Discussion in 'Sports and News' started by WTFünke, Jun 23, 2011.

  1. WTFünke

    WTFünke Member


    If only the politicians would have watched The Colbert Report ... or followed common sense.
  2. TheSportsPredictor

    TheSportsPredictor Well-Known Member

    You reap what you sow.

    Or maybe you don't.
  3. Stitch

    Stitch Active Member

    All of those out-of-work engineers have jobs to apply for now.
  4. imjustagirl

    imjustagirl Active Member

    So long as I can still buy peaches.
  5. TheSportsPredictor

    TheSportsPredictor Well-Known Member

    Sure, at a higher price.
  6. Blitz

    Blitz Active Member

    They could use prisoners from area jails and prisons to do the work, comp those individials for "work performed" as they move toward eventually being freed, and have the companies tally up all the money that would have been paid to the migrant workers and have them donate that money to a designated, needy charity.
  7. imjustagirl

    imjustagirl Active Member

    It was a joke about how the story mentioned four other fruit/food crops ahead of peaches, which is weird. So I joked that obviously the peaches will be fine, since they'll make sure those get picked.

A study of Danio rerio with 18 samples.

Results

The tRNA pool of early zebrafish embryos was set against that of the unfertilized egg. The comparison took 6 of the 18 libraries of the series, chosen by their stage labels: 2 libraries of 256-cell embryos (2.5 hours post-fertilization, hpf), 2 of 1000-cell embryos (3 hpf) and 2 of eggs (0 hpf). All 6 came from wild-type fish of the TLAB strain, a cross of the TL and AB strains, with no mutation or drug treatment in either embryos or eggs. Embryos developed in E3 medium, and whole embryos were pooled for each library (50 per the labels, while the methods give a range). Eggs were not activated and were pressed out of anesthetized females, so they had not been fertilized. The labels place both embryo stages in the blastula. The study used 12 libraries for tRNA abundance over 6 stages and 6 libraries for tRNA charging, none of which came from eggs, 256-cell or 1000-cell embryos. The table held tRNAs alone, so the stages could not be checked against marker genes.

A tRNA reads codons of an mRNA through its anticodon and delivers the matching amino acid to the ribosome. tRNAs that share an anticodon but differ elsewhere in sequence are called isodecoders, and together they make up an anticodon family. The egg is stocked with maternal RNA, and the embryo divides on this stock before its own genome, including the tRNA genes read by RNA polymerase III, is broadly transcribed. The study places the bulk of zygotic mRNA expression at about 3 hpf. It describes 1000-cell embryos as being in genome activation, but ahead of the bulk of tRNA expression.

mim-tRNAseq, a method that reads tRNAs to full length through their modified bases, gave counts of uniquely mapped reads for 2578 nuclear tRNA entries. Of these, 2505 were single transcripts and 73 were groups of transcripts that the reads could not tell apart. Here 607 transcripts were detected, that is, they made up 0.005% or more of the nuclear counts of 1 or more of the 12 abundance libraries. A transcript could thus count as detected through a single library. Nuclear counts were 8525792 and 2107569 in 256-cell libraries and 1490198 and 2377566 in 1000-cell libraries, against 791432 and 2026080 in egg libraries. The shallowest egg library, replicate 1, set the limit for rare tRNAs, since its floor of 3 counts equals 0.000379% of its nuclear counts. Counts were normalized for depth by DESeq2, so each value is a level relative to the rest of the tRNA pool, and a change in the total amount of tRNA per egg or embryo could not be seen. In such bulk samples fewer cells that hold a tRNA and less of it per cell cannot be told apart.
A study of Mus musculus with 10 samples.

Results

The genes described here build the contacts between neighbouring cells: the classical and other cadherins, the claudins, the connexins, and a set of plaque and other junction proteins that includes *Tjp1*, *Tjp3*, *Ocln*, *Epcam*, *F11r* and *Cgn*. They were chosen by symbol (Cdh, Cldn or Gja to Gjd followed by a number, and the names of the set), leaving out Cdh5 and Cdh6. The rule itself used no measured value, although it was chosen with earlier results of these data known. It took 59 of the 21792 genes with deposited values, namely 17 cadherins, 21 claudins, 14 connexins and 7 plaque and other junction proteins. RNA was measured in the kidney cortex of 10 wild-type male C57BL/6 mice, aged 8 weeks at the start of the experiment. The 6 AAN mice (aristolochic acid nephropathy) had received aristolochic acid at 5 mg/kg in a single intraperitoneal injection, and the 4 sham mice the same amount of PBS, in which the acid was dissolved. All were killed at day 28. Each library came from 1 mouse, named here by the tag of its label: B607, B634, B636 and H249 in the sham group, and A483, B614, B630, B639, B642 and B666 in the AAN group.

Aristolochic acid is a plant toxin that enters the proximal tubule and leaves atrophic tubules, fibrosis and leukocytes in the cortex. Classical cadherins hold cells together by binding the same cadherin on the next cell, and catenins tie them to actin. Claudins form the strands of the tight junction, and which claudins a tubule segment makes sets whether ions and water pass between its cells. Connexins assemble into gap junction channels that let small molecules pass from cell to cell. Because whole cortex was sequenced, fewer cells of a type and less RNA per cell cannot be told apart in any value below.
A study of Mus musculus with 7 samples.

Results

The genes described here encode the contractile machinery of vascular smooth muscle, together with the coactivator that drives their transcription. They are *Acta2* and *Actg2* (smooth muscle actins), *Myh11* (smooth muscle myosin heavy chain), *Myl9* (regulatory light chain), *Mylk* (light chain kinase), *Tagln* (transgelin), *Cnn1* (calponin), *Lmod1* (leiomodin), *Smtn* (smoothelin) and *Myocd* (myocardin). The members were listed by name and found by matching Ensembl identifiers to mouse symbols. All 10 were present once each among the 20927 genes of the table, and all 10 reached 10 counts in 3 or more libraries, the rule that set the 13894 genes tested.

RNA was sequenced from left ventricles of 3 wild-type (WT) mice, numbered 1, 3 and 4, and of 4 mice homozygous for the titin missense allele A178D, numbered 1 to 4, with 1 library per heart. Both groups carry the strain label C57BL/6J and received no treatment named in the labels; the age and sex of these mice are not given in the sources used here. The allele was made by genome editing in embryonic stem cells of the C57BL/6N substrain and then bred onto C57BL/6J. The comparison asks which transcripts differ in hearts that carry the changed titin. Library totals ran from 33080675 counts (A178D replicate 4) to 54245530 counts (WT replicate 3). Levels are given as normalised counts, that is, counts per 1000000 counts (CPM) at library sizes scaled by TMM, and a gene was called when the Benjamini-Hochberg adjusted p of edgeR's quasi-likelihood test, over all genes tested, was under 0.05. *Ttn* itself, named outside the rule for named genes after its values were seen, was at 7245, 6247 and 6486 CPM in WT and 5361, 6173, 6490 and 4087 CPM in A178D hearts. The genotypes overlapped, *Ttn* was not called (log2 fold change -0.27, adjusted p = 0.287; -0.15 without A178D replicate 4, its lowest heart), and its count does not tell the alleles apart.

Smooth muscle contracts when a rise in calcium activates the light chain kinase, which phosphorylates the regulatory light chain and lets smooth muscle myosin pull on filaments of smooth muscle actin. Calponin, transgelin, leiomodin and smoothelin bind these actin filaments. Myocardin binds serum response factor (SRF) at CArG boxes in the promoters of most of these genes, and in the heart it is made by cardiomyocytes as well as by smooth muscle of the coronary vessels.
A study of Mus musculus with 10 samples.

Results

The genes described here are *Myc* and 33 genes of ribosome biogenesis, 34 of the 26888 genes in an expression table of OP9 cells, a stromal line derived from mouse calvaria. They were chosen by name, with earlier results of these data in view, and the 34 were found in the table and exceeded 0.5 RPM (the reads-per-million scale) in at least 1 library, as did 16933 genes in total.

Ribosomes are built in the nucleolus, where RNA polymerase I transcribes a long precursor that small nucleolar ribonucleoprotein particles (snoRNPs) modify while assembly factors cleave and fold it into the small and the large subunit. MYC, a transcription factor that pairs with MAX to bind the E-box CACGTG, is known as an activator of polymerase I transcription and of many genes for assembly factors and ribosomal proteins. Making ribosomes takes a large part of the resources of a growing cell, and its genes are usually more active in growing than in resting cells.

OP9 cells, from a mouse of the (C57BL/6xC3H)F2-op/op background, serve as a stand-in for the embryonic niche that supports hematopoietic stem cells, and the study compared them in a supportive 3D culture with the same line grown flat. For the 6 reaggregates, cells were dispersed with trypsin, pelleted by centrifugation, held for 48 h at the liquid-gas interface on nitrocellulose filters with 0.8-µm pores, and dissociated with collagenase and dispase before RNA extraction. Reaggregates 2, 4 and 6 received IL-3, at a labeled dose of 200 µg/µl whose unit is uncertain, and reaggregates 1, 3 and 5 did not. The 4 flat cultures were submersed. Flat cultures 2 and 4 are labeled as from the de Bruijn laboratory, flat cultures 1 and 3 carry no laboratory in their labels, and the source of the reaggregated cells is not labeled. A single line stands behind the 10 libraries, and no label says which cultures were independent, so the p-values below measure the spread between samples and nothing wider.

Never mind.
  8. TheSportsPredictor

    TheSportsPredictor Well-Known Member

    Or, the companies could pay what the jobs are actually worth and have a large pool of applicants to choose from.

    But, nah, slavery's still in.
  9. Blitz

    Blitz Active Member

    I'm in favor of that option, TSP, but I don't think you'd have a quality pool of applicants. Folks are not as into working those types of jobs as they were, say, 30 or 40 years ago.
    The advent of technological age has as it's nasty byproduct a lazier workforce, by and large.
  10. novelist_wannabe

    novelist_wannabe Well-Known Member

    Actually, from what I understand the state's peach crop is in good shape. There are only about five legitimate growers, and they apparently are in good shape for labor, partly due to the fact that peaches were being harvested before the backlash on this law got rolling.

    The melon and vegetable crops are a different story though. And next year looks iffy for peaches.

    Georgia is referred to as the peach state, but there are two or three other states that produce more.

    As for the prisoners ... they're trying probationers now, and about 90 percent aren't making it past the first day doing the work.

    RE: Wages. The most productive workers can rake in $20 per hour. Yeah. Slavery. They willingly come to America to do this work.
  11. novelist_wannabe

    novelist_wannabe Well-Known Member

    Pretty good AP story on the subject:

  12. TheSportsPredictor

    TheSportsPredictor Well-Known Member

    The jobs are worth what it takes to hire people to do them legally.